The Retail Prices Index (RPI) measure of annual inflation is to be replaced by the Consumer Prices Index plus housing costs (CPIH) measure from 2030.

The Office for National Statistics (ONS) has welcomed the change, stating that CPIH offers the ‘most comprehensive’ picture of inflation. However, it could also have an impact on your pension.

CPIH and your pension

The reform is set to most significantly affect defined benefit (DB) pension schemes, which often invest heavily in index-linked gilts, a type of government bond that pays out in line with inflation. Given that RPI inflation has historically been higher than CPIH – by 0.8% on average6 – the move is expected to leave DB schemes £60bn worse off7 .

Don’t panic

We can help you plan ahead and keep on track for a comfortable retirement. 6 GO .UK, 2020, 7 Pensions Policy Institute, 2020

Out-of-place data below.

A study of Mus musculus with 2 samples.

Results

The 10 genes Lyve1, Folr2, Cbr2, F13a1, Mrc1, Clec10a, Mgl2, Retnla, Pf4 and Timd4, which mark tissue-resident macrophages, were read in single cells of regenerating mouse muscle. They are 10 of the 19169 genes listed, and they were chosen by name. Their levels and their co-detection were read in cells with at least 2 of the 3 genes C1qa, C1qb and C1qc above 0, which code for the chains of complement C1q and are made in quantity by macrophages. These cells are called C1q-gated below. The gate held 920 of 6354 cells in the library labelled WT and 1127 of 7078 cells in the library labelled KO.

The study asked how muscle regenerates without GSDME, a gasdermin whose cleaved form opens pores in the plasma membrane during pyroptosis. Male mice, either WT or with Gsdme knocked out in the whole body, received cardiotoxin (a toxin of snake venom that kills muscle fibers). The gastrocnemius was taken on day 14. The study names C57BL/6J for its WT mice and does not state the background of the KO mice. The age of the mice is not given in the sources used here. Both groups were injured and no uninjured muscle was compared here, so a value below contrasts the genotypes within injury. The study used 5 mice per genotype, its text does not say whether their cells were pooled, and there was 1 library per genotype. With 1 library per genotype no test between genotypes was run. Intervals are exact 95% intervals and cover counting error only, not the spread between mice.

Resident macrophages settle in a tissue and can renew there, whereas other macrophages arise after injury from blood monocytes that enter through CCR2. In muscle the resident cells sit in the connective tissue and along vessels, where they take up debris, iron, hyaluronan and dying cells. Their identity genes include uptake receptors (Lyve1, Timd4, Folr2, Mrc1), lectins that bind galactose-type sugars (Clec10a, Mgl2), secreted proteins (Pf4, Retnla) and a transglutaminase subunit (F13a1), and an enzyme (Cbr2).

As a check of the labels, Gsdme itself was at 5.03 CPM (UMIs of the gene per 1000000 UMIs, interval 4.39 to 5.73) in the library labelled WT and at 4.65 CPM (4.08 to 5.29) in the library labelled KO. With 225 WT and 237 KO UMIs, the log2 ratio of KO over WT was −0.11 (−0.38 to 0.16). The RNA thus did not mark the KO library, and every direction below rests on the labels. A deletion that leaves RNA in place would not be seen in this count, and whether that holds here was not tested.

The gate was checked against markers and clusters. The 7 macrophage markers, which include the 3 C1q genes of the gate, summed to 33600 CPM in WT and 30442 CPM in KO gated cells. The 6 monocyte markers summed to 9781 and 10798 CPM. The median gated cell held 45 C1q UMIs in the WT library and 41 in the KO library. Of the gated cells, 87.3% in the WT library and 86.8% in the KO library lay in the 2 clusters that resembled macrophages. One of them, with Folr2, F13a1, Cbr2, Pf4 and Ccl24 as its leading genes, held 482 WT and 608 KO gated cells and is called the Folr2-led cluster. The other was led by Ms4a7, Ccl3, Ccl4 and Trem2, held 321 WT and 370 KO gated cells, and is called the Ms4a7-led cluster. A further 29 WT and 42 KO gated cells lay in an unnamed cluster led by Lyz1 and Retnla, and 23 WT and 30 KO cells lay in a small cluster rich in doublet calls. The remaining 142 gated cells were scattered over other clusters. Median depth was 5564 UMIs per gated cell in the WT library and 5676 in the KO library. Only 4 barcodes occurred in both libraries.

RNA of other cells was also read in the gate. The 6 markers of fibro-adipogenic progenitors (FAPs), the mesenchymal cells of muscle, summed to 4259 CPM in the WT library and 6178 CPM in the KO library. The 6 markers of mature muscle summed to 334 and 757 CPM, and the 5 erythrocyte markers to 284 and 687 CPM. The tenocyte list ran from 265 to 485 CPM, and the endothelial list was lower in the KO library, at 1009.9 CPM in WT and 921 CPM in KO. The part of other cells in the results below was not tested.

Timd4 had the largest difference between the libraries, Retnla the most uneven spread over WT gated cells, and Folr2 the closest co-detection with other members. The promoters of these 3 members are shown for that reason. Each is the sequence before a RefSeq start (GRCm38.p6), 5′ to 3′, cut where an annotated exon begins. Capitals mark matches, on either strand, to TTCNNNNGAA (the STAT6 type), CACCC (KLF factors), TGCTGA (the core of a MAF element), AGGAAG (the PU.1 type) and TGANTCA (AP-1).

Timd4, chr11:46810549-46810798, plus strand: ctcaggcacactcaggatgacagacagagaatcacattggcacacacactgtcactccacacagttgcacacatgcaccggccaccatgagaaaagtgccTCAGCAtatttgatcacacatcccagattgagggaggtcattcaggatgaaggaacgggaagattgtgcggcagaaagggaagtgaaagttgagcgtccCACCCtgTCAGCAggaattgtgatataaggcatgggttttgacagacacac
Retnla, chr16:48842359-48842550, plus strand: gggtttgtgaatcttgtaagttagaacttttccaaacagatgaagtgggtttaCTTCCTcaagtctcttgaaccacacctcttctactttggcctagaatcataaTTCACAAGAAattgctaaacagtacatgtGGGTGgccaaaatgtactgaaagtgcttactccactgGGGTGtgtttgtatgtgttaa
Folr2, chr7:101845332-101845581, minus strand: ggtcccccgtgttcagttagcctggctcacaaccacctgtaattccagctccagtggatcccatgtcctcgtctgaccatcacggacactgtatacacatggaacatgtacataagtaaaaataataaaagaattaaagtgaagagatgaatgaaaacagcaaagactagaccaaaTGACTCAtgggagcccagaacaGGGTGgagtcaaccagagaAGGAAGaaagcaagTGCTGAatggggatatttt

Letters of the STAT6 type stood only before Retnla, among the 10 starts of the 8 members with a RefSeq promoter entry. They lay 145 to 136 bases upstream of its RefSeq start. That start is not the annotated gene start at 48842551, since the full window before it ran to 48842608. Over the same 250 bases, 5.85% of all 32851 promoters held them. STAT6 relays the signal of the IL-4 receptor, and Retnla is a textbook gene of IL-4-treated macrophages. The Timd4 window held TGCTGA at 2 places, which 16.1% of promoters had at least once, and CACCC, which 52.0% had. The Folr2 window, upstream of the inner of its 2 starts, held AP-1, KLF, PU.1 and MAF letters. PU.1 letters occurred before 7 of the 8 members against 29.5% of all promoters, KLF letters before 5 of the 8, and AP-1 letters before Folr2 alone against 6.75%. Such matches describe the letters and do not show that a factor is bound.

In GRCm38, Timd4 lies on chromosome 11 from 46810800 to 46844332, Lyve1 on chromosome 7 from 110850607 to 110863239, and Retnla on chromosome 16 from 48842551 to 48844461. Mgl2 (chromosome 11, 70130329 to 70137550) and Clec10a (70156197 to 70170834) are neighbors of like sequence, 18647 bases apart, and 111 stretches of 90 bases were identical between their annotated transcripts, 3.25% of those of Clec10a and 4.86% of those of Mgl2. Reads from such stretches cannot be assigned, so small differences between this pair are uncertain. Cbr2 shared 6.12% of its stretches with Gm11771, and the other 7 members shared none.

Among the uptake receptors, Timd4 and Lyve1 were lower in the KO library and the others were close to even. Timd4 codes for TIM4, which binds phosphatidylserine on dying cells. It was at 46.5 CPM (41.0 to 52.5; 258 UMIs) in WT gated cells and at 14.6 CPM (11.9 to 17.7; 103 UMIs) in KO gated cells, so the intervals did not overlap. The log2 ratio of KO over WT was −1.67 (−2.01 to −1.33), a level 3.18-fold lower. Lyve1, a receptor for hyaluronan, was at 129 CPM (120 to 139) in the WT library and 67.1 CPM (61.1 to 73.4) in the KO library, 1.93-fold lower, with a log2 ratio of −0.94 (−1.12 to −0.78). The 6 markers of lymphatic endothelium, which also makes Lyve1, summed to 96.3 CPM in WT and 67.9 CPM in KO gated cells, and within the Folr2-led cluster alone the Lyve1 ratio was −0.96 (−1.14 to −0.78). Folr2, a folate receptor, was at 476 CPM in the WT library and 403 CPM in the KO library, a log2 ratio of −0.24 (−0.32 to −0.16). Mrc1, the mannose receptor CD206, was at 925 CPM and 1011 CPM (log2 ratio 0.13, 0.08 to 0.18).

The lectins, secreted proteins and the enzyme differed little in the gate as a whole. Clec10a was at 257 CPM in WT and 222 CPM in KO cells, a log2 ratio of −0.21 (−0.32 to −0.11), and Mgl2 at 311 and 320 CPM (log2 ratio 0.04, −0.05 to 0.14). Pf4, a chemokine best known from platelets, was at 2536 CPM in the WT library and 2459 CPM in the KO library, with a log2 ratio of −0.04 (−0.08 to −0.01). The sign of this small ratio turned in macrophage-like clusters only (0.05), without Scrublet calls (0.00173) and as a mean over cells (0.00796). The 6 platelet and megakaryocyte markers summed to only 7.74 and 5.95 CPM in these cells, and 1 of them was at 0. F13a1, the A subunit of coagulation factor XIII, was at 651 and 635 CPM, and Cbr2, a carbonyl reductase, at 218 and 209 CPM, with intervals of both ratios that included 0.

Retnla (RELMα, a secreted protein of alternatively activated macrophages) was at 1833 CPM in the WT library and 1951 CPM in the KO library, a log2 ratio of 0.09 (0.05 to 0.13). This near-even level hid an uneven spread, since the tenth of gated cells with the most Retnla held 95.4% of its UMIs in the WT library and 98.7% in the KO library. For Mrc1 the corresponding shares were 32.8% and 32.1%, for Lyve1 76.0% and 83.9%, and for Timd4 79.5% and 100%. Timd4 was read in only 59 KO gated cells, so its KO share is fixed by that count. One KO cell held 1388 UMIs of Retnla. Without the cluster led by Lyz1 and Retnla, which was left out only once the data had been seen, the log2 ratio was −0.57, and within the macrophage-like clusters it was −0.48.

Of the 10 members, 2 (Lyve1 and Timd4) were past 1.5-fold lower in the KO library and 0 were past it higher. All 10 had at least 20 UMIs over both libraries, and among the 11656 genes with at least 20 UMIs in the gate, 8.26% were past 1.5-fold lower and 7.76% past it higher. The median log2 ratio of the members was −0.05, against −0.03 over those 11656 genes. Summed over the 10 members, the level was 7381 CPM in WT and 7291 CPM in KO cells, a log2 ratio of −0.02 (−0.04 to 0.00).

It is important to take professional advice before making any decision relating to your personal finances. Information within this page is based on our current understanding and can be subject to change without notice and the accuracy and completeness of the information cannot be guaranteed. It does not provide individual tailored investment advice and is for guidance only. Some rules may vary in different parts of the UK.

Tax and Estate planning are not regulated by the Financial Conduct Authority

The value of pensions and investments can fall as well as rise. You may get back less than you invested.

Will writing is not regulated by the Financial Conduct Authority.